I write novels of Israel-Palestine reconciliation for only with a better peace can Israel truly prosper. I’ve lived in Jerusalem for three years and traveled extensively — to Syria and Lebanon, through Gaza and to the Palestinian refugee camps very near Jerusalem and simultaneously out of the mind’s eye and a world away.

My new novel, The Spy’s Gamble, about what could be in the Middle East conflict was published this week. The film adaptation of my older novel, The Damascus Cover, starring Jonathan Rhys Meyers, Sir John Hurt in his last film, and a dozen Israeli actors will be in theaters Summer 2018. Among them Igal Naor and Aki Avni can be seen in the trailer that just arrived online. Hurt was drawn to take the role of head of the Mossad because the film ended on the road to reconciliation.

The Spy’s Gamble, moves through actual events in Israel in 2016: the truck ramming of Israeli cadets in Jerusalem, the settler Bible Marathon closing Palestinian highways, the murder of an Israeli teen in her bed in Kirya Arba, an internecine Palestinian assassination of the beloved pied piper of Shuafat in East Jerusalem, Baha Nabata (who trained as a fireman in Jewish Jerusalem when fire fighters would no longer enter the teeming Shuafat,) the accidental shooting of a Palestinian cancer patient, forest fires, and the Commanders of Israel (former generals and heads of Israeli intelligence and police departments) newspaper ad and campaign calling for a freeze on settlements, Israeli soldiers in place until a solution can be worked out, in future generations if need be.

The Los Angeles Jewish Journal said about an earlier novel, Bullets of Palestine: “Seems to have leaped from today’s headlines. Kaplan’s book has achieved what may be the ultimate in evidence of true balance.”

I don’t attempt balance. I am interested in showing the humanity, the people of both sides and how this battle affects them so balance arises organically. Rarely is one side always right.  In my favorite review anywhere, the Palestinian paper Al-Fajr said about Bullets of Palestine: “In a conflict where both sides have tended to dehumanize the other, Kaplan has created two extremely human characters — one Palestinian, the other Israeli. In observing such a fictional relationship I found myself looking at the Israelis that I came across this week in a slightly different manner. I found I wanted to try and shed some of the stereotypes that living on one side of the conflict had given me. Maybe this is the purpose of fiction in the first place — to break down barriers.”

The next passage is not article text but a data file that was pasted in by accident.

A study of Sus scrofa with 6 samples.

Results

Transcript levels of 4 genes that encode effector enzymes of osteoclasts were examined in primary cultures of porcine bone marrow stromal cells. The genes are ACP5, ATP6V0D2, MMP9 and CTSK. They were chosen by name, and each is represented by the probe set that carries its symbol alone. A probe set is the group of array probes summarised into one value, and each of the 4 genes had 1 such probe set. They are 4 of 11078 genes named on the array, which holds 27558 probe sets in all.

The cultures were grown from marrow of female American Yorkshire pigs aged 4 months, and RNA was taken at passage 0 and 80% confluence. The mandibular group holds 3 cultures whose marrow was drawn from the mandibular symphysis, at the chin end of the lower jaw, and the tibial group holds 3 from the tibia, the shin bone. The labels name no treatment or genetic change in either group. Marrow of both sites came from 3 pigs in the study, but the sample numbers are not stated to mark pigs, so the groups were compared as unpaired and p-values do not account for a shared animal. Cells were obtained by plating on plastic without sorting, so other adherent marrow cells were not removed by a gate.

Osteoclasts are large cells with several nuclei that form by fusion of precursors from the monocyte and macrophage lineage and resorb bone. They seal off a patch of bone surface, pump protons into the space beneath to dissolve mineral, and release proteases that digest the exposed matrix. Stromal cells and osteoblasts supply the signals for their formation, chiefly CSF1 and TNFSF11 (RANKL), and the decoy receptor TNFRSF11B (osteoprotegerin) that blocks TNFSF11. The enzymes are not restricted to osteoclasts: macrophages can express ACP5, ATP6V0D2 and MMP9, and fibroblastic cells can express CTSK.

Bullets of Palestine has become more popular now than when first published in 1987. So despite all the strident shouting on the extremes of both sides that do real damage to progress, most Israelis and Palestinians are eager for a reasonable answer.  Consistent polls over decades, including the most recent ones find that over 60% of Jewish Israelis favor a two-state solution. There are now more than one million Israelis living outside Israel, 15% of the Jewish population of the state, thirty thousand in Berlin alone and in Los Angeles I rarely go a day without hearing Hebrew as I wander around. There are many reasons for this exodus—the high cost of apartments and the lack of rentals, the Siren’s song of economic advancement but chief among them is the protracted battle.

In the The Spy’s Gamble, I show an Israeli patrol in the al-Amari refugee camp in Ramallah that I visited.  The reader will see both the UNRWA textbooks that educate hatred, and the fear of the soldiers that a small refrigerator might be tossed from a rooftop into the narrow lane where they walk single-file. You will also see the monuments in the camp to those who have died in clashes with the soldiers, Palestinian homes and how they memorialize their dead with small pictures hung on living room walls in makeshift frames made from matches. 

I also spent time in the settler enclave in Hebron, where an entire Israeli battalion is required to guard the 400 Jewish settlers in the heart of Old Hebron, once a thriving Jewish area before the massacres in the 1930’s and the 1948 cease fire. I also walked with Palestinians through the Arab marketplace with a net above it, necessary as settlers throw trash down from their second story windows into the souq.

In this highly polarized moment, I wonder what the reaction will be to The Spy’s Gamble.  How many are there among us bent on dehumanizing the Palestinians as “the other” as the Hebron settlers do by tossing their trash at them. How many recognize that in the end both peoples are here to stay in this twice promised land.